Legislative leaders, Leandro plaintiffs clash over court-ordered N.C. education spending | Eastern North Carolina Now | Legislative leaders and Leandro plaintiffs offer contrasting arguments to the N.C. Supreme Court in the latest stage of the long-running education funding lawsuit.


    Less than a month before the N.C. Supreme Court takes its latest look at the long-running Leandro school funding lawsuit, state legislative leaders and Leandro plaintiffs are unveiling their competing arguments.

    Those arguments arrive in new briefs filed Monday with the state's highest court.

    Justices will determine whether a trial judge can order state government to spend an additional $785 million on education-related expenses. That money is tied to a court-sanctioned comprehensive remedial plan written to help resolve the Leandro dispute.

    The state Supreme Court will also decide whether a trial judge can force state government officials to transfer money out of the state treasury without input from the General Assembly. Judge David Lee ordered a forced money transfer of $1.75 billion in connection with Leandro in November 2021.

    Lee's successor in the Leandro case, Judge Michael Robinson, dropped the forced money transfer in April and cut the size of Lee's order from $1.75 billion to $785 million.

    Legislative leaders say "no" to both the court-ordered spending and the forced money transfer. They argue that Leandro court proceedings have turned into a joint venture between the lawsuit's plaintiffs and state government's executive branch to secure more taxpayer money for education. That's been true since longtime Leandro trial Judge Howard Manning stepped down from the case in 2016, lawmakers assert.

    "Plaintiffs hope to make an end-run around the legislative process - capitalizing on the Executive Branch's cooperation and the lack of any genuine adversarial proceedings in the years since Judge Manning's retirement to wrest control of the State's education system from the people and their representatives so they can dictate how North Carolina's public school system will be administered and funded through judicial orders," wrote attorney Matthew Tilley, who represents top legislative officers.

    "No doubt, Plaintiffs mean to do good. Indeed, Legislative-Intervenors do not doubt that Plaintiffs sincerely believe the Comprehensive Remedial Plan ('CRP') they developed in cooperation with the Executive Branch is a 'good plan,'" Tilley added. "That does not entitle them, however, to an exemption from the legislative process or to substitute their judgment for that of the people's elected representatives. Nor does it entitle them to spend public money without an appropriation as required under the Appropriations Clause found in Article V, Section 7 of the State Constitution."

    On the other side of the case, Leandro plaintiffs point to the General Assembly's failure to comply with its constitutional duties.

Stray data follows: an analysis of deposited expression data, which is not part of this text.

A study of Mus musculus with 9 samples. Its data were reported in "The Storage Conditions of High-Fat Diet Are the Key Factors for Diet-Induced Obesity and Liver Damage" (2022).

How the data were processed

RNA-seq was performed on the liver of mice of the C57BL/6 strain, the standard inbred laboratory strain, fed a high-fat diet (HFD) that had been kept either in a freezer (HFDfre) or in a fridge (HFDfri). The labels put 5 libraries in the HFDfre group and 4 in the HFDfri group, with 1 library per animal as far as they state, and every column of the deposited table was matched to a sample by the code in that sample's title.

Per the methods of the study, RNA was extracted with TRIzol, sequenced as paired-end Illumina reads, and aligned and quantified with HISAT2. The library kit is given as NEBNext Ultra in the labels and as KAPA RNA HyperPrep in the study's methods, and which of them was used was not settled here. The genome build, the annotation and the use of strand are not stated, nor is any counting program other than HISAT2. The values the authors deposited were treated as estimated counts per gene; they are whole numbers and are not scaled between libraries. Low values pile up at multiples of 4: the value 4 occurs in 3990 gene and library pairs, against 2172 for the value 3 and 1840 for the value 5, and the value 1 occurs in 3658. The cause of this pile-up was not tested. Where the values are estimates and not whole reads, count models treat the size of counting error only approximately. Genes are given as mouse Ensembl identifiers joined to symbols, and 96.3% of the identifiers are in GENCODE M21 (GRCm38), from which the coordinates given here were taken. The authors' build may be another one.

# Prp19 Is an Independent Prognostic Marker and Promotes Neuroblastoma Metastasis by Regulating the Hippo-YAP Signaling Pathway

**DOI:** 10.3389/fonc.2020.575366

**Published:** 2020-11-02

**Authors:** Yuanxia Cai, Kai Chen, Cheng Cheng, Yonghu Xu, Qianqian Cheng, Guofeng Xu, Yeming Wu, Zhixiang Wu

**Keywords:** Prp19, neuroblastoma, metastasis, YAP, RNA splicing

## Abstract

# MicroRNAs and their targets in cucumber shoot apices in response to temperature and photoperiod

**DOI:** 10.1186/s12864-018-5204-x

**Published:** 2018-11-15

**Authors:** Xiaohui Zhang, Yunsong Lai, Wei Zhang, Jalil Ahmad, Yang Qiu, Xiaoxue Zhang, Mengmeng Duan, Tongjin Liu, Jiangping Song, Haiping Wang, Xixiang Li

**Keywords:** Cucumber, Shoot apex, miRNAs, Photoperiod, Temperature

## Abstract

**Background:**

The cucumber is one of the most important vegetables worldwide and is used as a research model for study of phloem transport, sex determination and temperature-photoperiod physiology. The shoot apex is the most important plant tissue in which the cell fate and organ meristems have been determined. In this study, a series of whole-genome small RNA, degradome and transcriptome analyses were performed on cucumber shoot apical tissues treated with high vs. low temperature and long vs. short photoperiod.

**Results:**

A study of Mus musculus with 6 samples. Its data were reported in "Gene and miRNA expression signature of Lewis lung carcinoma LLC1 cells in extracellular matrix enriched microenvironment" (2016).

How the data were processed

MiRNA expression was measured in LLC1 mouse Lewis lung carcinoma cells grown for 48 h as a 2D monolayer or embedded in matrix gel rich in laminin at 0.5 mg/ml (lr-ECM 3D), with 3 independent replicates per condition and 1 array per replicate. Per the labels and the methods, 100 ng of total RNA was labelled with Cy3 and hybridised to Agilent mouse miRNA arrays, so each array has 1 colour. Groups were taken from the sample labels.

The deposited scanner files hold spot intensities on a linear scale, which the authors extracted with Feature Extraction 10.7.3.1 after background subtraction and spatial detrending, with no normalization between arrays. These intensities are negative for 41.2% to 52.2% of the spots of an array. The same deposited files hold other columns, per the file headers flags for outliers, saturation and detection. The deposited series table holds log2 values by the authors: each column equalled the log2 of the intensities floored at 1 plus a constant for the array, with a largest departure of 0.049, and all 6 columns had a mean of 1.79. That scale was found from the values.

"This case is - and has always been - about the fundamental constitutional right of every child in North Carolina to the opportunity to receive a sound basic education in the public schools," wrote plaintiff's attorney Melanie Black Dubis. "This case is now also about the General Assembly's disregard of its affirmative constitutional duty to 'guard and protect' that fundamental right for over two decades. In light of the State's admitted and continuing constitutional violations, and after 17 years of deference to the other two branches of government, the trial court was correct to order certain state actors to transfer the funds necessary to implement the only constitutional remedy before it."

    A second set of intervening plaintiffs' echoed Dubis' concerns.

    "This is no ordinary case. It is a case that demands a remedy consistent with the judiciary's duties and powers to right constitutional wrongs," wrote attorney Christopher Brook. "That wrong here is a violation of a constitutional right that this Court has deemed paramount and fundamental. It is a violation of an affirmative constitutional obligation due from the Defendants State of North Carolina and State Board of Education ... to ensure all children ... have the opportunity for a sound basic education."

    "It is a continuing violation that has spanned at least 17 years and remains without a remedy, as the harms have mounted with each class passing through the halls in dismal, inadequate learning conditions - conditions even worse for the state's at-risk students," Brook added. "It is a violation identified by the judiciary, but on which the trial court has deferred again and again to the executive and legislative branches to present a remedy to no avail, until 2021."

    Lawyers from Attorney General Josh Stein's N.C. Justice Department took aim at legislators' arguments.

    "Strikingly, Legislative Intervenors' sudden desire to actively relitigate this case comes after years of refusing to participate - either in litigation or through legislative enactments," wrote Senior Deputy Attorney General Amar Majmundar. "But their arguments and approach, rather than finally showing a true willingness to become constructively involved, provide further evidence that the legislative leaders are either unable - or simply unwilling - to lead their respective chambers to fulfill the State's constitutional duty to provide a sound, basic education for all of its children."

    Final briefs in the case are due Aug. 12. The state Supreme Court will hear oral arguments Aug. 31. Justices will issue a decision at an undetermined later date.